How freelancers can detach from billable time
It’s Saturday morning. After kicking back on Friday night, I thought I had signalled ‘weekend mode’ to my mind. Sadly, and I’m not proud to admit i...
First impressions of Brent Wadden’s work, especially through photographic reproductions, significantly undersell the scope of both his techniques and themes. Wadden trained as a painter and still considers his large-scale woven works as paintings rather than tapestries: it is this distinction which represents the most intriguing element of his oeuvre.
Wadden seeks to deconstruct the derogatory connotations surrounding the term ‘craft’, in particular, the process of weaving, which has remained a technique closely associated with women. The process that Wadden undertakes in unravelling left-over cotton and wool blankets, and then weaving them back together into beautiful, abstract works, literally and metaphorically signifies his attempt at de-gendering the craft of weaving.
In describing his admiration for American abstract female artists such as Agnes Martin and Bridget Riley, Wadden is opaque about the importance of the gendered hierarchies of fine art and craft within his work. “My book about the weaving department at the Bauhaus is one of my prized possessions. I learned about Anni Albers and the other talented women there, but I also learned that they were discriminated against and the reality really left a mark on me. Challenging the craft/art spectrum is a worthwhile endeavour – and hopefully, my work helps to shift how people think about weaving.”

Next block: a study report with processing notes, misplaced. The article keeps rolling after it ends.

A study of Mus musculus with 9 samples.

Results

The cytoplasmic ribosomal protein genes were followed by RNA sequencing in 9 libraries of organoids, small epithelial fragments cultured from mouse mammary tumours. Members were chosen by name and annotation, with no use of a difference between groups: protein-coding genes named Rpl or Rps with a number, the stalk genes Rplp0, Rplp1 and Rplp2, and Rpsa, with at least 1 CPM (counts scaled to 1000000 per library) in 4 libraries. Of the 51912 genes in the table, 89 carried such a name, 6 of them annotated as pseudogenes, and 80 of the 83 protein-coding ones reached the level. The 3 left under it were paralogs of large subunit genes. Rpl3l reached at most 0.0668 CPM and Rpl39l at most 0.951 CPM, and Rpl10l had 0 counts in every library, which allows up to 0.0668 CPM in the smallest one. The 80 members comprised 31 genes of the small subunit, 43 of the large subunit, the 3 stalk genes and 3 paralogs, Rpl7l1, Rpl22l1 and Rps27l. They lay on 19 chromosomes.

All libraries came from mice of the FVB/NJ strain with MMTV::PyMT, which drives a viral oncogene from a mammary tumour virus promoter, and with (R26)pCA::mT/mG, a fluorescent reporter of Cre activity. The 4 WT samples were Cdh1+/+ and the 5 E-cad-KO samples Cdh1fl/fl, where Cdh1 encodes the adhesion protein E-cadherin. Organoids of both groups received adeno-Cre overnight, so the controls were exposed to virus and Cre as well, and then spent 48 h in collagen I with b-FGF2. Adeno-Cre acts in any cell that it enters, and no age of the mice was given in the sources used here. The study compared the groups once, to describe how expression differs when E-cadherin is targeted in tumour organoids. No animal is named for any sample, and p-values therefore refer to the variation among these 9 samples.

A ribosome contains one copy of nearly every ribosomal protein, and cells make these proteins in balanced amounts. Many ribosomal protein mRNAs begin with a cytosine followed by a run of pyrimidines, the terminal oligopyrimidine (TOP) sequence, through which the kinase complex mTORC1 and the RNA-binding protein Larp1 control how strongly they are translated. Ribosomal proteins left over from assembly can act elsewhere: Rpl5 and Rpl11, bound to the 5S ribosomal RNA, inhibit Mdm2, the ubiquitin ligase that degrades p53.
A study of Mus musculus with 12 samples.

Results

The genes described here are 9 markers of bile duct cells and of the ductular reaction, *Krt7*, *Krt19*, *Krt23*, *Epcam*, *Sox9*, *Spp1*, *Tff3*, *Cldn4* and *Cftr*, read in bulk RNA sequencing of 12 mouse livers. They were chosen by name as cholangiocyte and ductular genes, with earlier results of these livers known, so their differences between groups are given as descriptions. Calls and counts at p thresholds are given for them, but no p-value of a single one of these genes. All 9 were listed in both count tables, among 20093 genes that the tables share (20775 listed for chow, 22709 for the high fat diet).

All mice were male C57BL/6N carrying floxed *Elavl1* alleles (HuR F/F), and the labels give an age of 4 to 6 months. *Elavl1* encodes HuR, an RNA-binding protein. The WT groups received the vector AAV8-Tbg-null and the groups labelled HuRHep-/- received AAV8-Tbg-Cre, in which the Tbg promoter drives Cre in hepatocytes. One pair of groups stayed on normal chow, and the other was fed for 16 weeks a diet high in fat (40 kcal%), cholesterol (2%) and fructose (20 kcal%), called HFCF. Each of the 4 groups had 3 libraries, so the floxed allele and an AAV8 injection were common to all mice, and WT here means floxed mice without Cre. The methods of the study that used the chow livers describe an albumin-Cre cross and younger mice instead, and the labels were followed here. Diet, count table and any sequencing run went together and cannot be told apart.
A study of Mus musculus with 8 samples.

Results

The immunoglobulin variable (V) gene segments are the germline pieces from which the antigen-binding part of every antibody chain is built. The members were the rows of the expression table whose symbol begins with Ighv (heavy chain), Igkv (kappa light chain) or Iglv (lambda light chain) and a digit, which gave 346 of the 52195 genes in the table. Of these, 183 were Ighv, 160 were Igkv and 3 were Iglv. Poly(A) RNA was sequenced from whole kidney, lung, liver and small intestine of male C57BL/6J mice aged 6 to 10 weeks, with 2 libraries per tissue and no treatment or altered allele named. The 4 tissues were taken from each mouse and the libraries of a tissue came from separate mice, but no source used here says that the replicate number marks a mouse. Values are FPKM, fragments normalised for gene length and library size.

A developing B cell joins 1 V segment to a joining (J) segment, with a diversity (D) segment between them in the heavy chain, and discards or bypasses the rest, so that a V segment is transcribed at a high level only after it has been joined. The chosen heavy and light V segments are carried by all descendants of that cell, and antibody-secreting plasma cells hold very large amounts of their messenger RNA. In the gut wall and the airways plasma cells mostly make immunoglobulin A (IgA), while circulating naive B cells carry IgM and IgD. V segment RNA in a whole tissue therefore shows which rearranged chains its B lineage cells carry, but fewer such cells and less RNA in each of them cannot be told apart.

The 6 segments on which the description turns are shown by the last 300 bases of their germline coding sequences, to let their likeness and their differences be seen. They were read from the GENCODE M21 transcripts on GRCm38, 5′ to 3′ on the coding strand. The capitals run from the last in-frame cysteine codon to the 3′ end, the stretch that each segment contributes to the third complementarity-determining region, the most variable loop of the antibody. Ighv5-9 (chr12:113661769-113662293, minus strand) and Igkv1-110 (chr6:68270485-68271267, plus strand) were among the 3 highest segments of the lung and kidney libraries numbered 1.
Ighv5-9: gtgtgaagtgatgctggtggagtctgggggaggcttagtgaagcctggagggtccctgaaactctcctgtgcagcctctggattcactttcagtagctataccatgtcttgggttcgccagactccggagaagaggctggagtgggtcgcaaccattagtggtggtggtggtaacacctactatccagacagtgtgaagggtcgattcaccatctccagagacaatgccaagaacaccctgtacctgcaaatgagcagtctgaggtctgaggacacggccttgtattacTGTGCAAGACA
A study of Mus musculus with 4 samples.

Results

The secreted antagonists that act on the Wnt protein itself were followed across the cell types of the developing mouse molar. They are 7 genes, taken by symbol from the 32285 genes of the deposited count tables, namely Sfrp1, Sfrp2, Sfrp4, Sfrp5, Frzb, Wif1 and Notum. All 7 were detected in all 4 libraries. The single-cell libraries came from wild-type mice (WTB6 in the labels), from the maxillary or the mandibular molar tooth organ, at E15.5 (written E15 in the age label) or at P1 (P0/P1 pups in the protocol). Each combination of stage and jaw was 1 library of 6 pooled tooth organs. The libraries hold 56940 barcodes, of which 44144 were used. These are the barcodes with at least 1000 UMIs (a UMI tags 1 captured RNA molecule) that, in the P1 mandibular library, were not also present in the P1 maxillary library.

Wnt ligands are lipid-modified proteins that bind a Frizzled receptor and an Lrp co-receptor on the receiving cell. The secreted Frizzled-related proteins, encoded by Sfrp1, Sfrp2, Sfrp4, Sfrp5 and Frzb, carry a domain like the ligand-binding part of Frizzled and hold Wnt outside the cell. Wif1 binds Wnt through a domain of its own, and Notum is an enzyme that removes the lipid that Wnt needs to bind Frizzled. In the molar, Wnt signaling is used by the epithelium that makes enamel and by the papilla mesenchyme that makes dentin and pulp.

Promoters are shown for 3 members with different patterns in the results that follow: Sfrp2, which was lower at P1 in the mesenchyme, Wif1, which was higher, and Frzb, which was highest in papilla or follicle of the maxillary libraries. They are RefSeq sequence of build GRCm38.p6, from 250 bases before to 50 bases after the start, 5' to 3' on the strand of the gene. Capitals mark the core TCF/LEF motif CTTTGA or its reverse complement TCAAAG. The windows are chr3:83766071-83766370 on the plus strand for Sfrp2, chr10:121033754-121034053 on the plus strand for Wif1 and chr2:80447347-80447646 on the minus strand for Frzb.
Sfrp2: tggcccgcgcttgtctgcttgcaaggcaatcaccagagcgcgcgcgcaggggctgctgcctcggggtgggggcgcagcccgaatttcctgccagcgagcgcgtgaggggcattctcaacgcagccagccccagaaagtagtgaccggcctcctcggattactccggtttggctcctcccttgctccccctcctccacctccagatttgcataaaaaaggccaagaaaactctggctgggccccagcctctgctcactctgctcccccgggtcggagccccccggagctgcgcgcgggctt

Wadden has used his credentials of white male to bypass the gendered categorisation of the weaving medium and move into the realm of the international art market. His show at Pace represents his ability to discuss feminism through the use of craft, culminating in an aesthetically pleasing body of work, which no doubt, is in high demand.
Rather than paying an admission fee to see Anni Albers work at Tate, head over to Pace Gallery, which is advantageously positioned next to the Royal Academy of Art. Ironically, the works are physically challenging to look at, as the optical illusions of the monochromatic patterns play tricks on the eye. However, once you push past the material barriers, the intricate values present in weaving, come to the fore.